AfDB challenges private sector to invest in Infrastructure in Africa


In an address of welcome, which she presented at a seminar on "Fostering private investments in NEPAD infrastructure projects,’’ she said while NEPAD had included capacity building and facilitation programmes to enhance all aspects of infrastructure development, "results achieved in terms of private involvement in infrastructure indicate that there is room for improvement’’.

She recalled that in May 2002, the NEPAD Heads of State and Government Implementation Committee adopted the Infrastructure Short Term Action Plan (STAP) and agreed that the Medium and Long Term Strategic Framework should be developed subsequently.

"Of the STAP 36 physical projects, estimated to involve investments of about seven billion dollars, half were expected to involve private financing," she said.

El Bakri lamented that nearly three years after the launch of STAP, it was clear that private sector engagement in financing of NEPAD infrastructure projects, which were largely multi-country infrastructure projects, had not been forthcoming.

"Out of the 12 physical projects linked to NEPAD for which the ADB has approved financial support for the past three years, only one involved the private sector,’’ she stressed.

She observed that in contrast to the lukewarm interest of the private sector in African infrastructure programmes, the sector had been the active participant in the provision of infrastructure in other developing regions of the world.

"The result had been significant, not only in terms of financing, but also in technology transfer and efficiency gains,’’ she said.

El Bakri said in order to encourage private sector partnership in the provision of infrastructure, the ADB was supporting activities to improve the financial as well as legal and regulatory infrastructure in a number of African countries.

She said the seminar, jointly organized by the bank, NEPAD and the African Business Roundtable aimed at providing information on potential private financed projects in the STAP, promote understanding of the global trends and issues in attracting private investments in infrastructure, especially in Africa and discuss private sector actions to promote and implement NEPAD infrastructure project.

The seminar also aimed at discussing steps African countries could take to champion public-private partnerships in infrastructure development and discuss the role of multilateral development banks and international financial institutions in supporting NEPAD’s goal of increasing private investment in infrastructure.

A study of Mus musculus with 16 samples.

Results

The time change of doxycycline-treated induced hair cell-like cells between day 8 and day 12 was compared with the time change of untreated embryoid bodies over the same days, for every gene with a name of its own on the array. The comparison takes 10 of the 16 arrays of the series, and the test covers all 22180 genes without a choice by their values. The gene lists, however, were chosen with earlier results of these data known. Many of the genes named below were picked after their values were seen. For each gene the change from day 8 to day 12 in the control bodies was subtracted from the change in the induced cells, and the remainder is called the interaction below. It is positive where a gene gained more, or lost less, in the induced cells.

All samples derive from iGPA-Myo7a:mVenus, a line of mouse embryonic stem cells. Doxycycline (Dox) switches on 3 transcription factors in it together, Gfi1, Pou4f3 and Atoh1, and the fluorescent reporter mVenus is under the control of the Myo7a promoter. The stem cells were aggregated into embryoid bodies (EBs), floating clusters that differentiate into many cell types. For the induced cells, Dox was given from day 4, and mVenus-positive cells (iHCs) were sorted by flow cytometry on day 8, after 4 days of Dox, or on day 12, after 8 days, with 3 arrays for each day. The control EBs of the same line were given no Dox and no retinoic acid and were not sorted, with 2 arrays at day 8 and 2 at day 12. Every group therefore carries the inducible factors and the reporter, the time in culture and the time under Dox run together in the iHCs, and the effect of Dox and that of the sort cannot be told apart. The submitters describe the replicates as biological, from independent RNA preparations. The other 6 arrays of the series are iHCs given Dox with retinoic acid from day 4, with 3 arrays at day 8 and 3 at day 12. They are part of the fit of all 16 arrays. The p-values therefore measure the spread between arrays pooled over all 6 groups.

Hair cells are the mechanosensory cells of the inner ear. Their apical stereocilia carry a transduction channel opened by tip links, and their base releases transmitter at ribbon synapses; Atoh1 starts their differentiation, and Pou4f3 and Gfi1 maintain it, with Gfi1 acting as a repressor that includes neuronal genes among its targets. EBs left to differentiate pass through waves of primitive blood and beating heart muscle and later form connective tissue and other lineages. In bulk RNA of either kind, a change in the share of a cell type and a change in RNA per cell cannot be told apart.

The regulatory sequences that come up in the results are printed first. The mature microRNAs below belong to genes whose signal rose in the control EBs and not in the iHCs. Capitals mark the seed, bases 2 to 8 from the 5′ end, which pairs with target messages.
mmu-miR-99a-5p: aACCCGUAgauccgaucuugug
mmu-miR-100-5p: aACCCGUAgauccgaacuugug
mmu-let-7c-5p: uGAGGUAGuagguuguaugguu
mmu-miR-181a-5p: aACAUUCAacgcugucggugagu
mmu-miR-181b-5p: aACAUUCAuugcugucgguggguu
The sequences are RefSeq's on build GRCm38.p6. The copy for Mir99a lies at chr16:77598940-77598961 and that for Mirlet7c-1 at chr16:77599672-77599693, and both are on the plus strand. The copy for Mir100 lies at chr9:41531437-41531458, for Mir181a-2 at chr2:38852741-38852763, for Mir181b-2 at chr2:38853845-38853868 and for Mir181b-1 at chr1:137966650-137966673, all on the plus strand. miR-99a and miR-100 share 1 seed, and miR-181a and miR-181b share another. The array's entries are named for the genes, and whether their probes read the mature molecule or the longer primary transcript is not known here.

In his own remarks, Alhaji Bamanga Tukur, Chairman, African Business Roundtable and NEPAD Business Group said Africa’s infrastructure strategic plan needed to dovetail and complement the region’s urban and rural development strategies to secure the economies of scale, market linkages and potential for key clusters and sectors to draw the economies of the region.

"We need studies that will look at the key sectors and cluster quotients, employment generators, unused and installed capacities, natural endowments, market volumes and profiles,’’ he said.

"Demand-led investment in infrastructure always will appeal to the private sector, especially where the sums add up,’’ he said, stressing: "Business has no boundary, it goes where it adds value.

In his own contribution, Chairman, NEPAD Secretariat, Professor Wiseman Nkuhlu, said NEPAD believed that through better partnerships, more could be done in the area of infrastructural development on the African continent.

He expressed regret that the private sector and African governments were not paying adequate attention to the financing of infrastructure projects.

Professor Nkuhlu noted that while the ADB had played significant role in projects financing, it did not do so to compete with any other financial institutions, but merely to provide the seed money to fast-track investments in infrastructure on the continent.